ATLANTA — A tour bus parked in Rockdale County usually doesn’t draw a lot of attention, but on a spring day in March the bus, and a nearby tractor trailer, drew enough suspicion from law enforcement officers that they called in the local fire department.
The ceiling of that Mexican tour bus didn’t look quite right, so firefighters pulled out a tool similar to the Jaws of Life and cut into the roof of the bus -- revealing an enormous haul of methamphetamine.
Channel 2 investigative reporter Mark Winne obtained the exclusive video of agents and firefighters working to cut through the roof of the bus and the enormous stash found inside. Once the Drug Enforcement Agency totaled it up, they found 2,000 pounds of meth.
Special agent-in-charge Robert Murphy says the amount of drugs found in the bus and the nearby truck underscore Atlanta’s role as a hub for drugs run by Mexican cartels. The majority of meth was tucked into the tractor trailer, about 865 kilograms of the 900 kilogram total, but all of its was hidden.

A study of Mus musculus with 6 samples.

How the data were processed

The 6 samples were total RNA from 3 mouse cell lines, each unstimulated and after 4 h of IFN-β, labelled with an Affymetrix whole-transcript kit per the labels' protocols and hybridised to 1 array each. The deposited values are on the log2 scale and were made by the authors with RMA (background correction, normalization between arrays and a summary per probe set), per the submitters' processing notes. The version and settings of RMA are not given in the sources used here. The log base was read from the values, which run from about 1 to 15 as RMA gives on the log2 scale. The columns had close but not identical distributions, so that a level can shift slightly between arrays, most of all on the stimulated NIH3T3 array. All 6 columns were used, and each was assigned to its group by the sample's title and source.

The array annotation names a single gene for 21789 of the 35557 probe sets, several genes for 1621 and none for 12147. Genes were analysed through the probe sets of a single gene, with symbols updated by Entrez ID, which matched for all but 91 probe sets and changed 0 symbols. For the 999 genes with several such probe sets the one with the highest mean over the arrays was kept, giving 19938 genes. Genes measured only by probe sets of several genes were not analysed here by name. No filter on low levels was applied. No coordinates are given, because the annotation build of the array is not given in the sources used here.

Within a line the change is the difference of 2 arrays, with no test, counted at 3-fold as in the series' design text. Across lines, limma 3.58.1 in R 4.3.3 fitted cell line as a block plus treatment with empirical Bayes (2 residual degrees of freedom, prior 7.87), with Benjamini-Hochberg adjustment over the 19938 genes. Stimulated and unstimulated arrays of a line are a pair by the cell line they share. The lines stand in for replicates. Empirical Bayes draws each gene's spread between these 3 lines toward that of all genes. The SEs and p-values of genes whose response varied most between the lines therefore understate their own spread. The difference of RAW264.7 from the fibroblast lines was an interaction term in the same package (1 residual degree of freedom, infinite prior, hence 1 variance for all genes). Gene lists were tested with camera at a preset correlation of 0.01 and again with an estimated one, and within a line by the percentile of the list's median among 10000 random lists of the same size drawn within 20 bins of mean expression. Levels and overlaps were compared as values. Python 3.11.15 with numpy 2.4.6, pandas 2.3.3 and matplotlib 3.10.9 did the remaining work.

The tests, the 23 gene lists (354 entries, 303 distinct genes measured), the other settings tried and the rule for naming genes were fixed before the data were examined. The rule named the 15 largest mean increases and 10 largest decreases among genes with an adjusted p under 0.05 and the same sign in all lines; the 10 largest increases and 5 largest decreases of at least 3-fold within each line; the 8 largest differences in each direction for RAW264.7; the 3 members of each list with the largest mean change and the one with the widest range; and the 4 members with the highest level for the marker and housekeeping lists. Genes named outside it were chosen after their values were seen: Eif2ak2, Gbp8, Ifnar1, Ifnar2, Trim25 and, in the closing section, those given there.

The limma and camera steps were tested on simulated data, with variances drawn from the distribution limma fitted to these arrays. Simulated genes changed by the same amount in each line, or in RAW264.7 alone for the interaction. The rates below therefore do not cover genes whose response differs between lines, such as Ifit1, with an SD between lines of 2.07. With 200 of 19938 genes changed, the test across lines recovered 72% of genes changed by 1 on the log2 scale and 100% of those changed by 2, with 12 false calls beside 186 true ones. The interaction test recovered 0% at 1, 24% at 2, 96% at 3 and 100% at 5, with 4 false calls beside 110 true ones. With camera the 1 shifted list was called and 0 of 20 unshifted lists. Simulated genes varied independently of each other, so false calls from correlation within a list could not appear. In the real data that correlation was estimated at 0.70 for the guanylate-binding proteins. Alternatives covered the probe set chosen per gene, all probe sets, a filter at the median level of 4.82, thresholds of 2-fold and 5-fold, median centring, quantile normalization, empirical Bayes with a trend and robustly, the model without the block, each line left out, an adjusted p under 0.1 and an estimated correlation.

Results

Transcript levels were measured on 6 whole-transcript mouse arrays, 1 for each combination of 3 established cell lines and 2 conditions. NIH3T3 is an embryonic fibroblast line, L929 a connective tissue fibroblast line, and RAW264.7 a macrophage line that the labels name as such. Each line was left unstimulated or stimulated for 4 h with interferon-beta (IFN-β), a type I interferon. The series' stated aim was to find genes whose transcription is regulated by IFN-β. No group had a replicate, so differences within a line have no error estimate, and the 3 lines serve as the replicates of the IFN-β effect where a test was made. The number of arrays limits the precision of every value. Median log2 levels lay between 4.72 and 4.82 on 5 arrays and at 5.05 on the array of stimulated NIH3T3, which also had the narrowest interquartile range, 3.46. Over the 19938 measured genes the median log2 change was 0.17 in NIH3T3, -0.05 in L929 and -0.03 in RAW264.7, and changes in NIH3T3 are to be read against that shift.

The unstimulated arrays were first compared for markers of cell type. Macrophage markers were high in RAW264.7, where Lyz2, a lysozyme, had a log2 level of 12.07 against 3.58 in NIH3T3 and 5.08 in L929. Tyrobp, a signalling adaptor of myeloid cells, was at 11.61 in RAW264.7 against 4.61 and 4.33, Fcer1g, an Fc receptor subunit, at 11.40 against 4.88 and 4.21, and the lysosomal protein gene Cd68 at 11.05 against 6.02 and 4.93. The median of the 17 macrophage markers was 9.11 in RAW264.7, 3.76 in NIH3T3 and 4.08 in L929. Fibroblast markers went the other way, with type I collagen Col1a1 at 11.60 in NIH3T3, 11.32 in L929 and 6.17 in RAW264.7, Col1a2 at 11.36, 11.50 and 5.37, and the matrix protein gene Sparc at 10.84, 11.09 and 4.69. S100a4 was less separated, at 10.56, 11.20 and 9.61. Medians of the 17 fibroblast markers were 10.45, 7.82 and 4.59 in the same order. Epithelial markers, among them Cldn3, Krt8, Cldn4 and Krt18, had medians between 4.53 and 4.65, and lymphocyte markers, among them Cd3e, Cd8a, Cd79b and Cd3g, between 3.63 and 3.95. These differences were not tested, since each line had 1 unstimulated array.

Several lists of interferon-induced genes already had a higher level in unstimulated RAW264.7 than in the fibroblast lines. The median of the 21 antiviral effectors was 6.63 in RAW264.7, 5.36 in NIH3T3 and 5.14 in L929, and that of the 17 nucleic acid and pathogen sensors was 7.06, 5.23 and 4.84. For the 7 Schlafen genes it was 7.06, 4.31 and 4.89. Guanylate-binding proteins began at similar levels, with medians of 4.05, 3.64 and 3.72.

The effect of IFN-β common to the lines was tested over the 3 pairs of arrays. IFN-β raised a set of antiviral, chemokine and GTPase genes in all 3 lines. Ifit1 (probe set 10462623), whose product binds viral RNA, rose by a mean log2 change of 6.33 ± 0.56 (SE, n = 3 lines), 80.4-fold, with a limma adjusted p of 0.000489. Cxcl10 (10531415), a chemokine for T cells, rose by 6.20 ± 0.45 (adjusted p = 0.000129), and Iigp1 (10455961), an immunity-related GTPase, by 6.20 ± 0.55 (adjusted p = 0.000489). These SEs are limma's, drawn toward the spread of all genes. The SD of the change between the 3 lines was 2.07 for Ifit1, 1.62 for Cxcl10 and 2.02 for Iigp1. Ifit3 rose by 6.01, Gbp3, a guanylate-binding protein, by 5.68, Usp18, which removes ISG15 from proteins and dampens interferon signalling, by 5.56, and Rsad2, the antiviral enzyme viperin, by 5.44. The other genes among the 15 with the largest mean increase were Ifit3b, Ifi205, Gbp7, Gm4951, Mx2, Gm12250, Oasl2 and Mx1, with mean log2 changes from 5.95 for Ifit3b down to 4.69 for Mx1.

“Both these tags were from Guadalajara, the tourist bus and the tractor trailer. That’s how comfortable and brazen they are,” Murphy said.
The bust is part of Operation Crystal Shield, a months long program run by the DEA, FBI, and Homeland Security in nine U.S. cities that serve as hubs for the cartels. The Georgia State Patrol helped with the metro Atlanta investigation.
Murphy says several arrests have been made in the case and the drugs were destined to be shipped up and down the east coast, but much of it would stay in metro Atlanta.
Another video provided to Winne from the DEA shows a mammoth meth conversion lab in metro Atlanta discovered in February. The lab is used to convert smuggled liquid into crystallized meth. Enough drugs to keep 2 million people high for 12 hours, agents said.
Agents say Operation Crystal has yielded 530 arrests, 6,000 pounds meth, $9 million in currency and 116 firearms in just Georgia and the Carolinas.